Photo by Tre Timbers

The important story leading up to Bill McKibben’s viral tweet about the Boston pipeline protesters

By Chris Faraone

Our teams at DigBoston and the Boston Institute for Nonprofit Journalism were thrilled to see this tweet from climate justice activist Bill McKibben go viral on Tuesday:

Good golly! A few minutes ago a Boston judge acquitted 13 pipeline protesters on the grounds that the climate crisis made it necessary for them to commit civil disobedience. This may be a first in America. Details to follow, and go to @ClimateDisobey for some live video

As I recently wrote about our connection to the West Roxbury ordeal:

The initial project we pursued after launching the Boston Institute for Nonprofit Journalism (BINJ) in 2015 was a feature titled “Dedham and Goliath.”
Published in DigBoston and written by Nick Moorhead, the article was the first dive any outlet in our region took into shenanigans and protests around the Algonquin pipeline offshoot being built to carry natural gas through Dedham, Westwood, and West Roxbury.
We chose to make our first impression with an article about natural gas for several reasons. Among them: to display our intent to jump on issues that are often tragically ignored and to demonstrate out of the gate that we planned to explore environmental issues that even the alleged liberals at newspapers of record are reluctant to cover.

We could not be more ecstatic to see these protesters, and this cause, get all this attention. In less than one day it already reached the UK, where the Independent is reporting:

More than a dozen protesters who clambered into holes dug for a high pressure gas pipeline said they had been found not responsible by a judge after hearing them argue their actions to try and stop climate change were a legal “necessity.”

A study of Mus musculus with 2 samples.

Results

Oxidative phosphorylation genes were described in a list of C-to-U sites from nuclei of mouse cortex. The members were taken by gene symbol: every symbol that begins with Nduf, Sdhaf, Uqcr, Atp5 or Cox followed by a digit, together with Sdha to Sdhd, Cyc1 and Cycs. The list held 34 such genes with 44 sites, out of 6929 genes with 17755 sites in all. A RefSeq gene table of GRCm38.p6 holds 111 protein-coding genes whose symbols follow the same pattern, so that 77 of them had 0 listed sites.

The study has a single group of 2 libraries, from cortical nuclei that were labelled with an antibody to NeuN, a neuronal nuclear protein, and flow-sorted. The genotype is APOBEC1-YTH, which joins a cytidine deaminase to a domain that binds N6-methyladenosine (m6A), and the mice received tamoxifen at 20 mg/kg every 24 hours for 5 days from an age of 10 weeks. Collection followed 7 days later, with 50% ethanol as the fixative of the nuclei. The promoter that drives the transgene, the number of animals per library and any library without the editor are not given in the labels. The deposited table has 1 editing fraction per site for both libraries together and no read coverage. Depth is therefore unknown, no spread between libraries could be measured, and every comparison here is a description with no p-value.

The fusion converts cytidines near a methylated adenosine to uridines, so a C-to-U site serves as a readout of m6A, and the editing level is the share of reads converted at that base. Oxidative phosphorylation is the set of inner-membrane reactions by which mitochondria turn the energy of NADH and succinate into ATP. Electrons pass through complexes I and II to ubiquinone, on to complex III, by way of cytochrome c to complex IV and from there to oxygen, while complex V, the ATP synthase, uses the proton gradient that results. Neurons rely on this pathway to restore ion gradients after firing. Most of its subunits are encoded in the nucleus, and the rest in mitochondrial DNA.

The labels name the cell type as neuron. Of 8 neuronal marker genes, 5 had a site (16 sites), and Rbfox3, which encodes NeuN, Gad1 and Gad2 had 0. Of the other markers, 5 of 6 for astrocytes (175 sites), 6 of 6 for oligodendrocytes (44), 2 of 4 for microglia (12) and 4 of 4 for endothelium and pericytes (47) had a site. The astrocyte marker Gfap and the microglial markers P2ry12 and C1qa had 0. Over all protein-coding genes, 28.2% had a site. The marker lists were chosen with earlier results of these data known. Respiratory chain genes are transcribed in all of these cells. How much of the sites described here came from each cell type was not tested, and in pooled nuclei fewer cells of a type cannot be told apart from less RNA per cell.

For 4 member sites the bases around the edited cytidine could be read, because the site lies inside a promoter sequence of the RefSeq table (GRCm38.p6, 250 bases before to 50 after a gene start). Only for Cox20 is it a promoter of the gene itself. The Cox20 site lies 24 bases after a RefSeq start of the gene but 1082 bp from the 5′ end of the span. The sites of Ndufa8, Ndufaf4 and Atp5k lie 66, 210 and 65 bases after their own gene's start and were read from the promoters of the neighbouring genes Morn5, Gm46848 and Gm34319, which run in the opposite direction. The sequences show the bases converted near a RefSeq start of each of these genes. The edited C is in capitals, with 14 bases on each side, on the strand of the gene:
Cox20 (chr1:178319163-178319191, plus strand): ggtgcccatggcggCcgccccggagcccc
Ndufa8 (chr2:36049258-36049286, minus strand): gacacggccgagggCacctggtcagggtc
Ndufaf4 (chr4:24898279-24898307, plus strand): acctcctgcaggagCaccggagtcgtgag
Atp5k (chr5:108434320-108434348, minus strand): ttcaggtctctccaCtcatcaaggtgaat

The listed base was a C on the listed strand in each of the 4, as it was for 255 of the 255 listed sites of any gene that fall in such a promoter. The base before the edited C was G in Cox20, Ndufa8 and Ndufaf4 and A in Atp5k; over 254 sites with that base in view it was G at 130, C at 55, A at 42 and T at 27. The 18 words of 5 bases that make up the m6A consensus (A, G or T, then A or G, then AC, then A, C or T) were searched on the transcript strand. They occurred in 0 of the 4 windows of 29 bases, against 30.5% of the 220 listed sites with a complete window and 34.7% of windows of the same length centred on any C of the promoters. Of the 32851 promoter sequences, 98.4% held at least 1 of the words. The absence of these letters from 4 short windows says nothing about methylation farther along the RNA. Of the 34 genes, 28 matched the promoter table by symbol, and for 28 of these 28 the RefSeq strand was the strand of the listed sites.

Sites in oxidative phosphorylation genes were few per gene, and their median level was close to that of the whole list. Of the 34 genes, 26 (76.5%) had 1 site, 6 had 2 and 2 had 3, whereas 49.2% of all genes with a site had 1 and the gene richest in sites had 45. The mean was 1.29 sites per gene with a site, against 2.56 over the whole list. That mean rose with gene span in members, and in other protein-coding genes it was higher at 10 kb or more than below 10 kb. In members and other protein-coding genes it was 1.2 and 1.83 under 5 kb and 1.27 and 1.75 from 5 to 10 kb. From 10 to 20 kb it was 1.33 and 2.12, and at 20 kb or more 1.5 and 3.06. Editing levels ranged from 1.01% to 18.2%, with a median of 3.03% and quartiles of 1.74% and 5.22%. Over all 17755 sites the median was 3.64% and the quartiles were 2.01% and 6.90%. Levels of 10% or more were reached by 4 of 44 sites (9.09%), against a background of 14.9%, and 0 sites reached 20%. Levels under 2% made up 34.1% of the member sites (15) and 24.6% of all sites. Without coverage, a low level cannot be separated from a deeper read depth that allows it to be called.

Karenna Gore, the daughter of former Vice President Al Gore, was among more than 198 people who were arrested because of their 2015 actions protesting the pipeline in West Roxbury, Massachusetts, a suburb of Boston. Thirteen people were to go on trial this week, though prosecutors downgraded their original criminal charges to one of civil infraction.
On Tuesday, Judge Mary Ann Driscoll of West Roxbury District Court, found all 13 defendants not responsible, the equivalent of not guilty in a criminal case. She did so after each of the defendants addressed the judge and explained why they were driven to try and halt the pipeline’s construction.

As this story is examined and evaluated, and as it continues to go viral, we hope that outlets near and far consult the on-the-ground local reporting of sources like the West Roxbury Transcript and Universal Hub, which followed slow developments up close when no one else was looking. And of course we also hope they check out the long form BINJ and Dig feature, “Dedham and Goliath,” which, among other things related to the unspeakable anti-democratic behavior in play, explained:

Residents in Dedham and West Roxbury are up in arms about what many see as a legitimate threat to their health and safety. Beyond the possibility of an explosion, there are other terrifying potential side effects of having the line run through a residential area. According to a group calling itself Stop the West Roxbury Lateral Pipeline, those concerns include the danger of environmental contamination from methane, as well as from toxic components like PCBs, arsenic, and radon. Some residents are concerned that they might have to forfeit property because of the construction, while others fear residual plummeting property values.

In short, this apparently unprecedented situation didn’t happen overnight. For those covering this moving forward, it’s important to acknowledge the beginnings, and the bullying endured by those now being hailed as heroes.

P.S. Since we’re talking about the environment and crisis, I can’t forget to mention our work covering the Pilgrim Nuclear Power Plant in Plymouth, which has been closed for several weeks since serious storms clipped the coast. Our reporter Miriam Wasser is down there reporting tonight, but in the meantime you can read our oral history of 50 years of anti-nuclear protests in New England at, and/or request a free print copy here.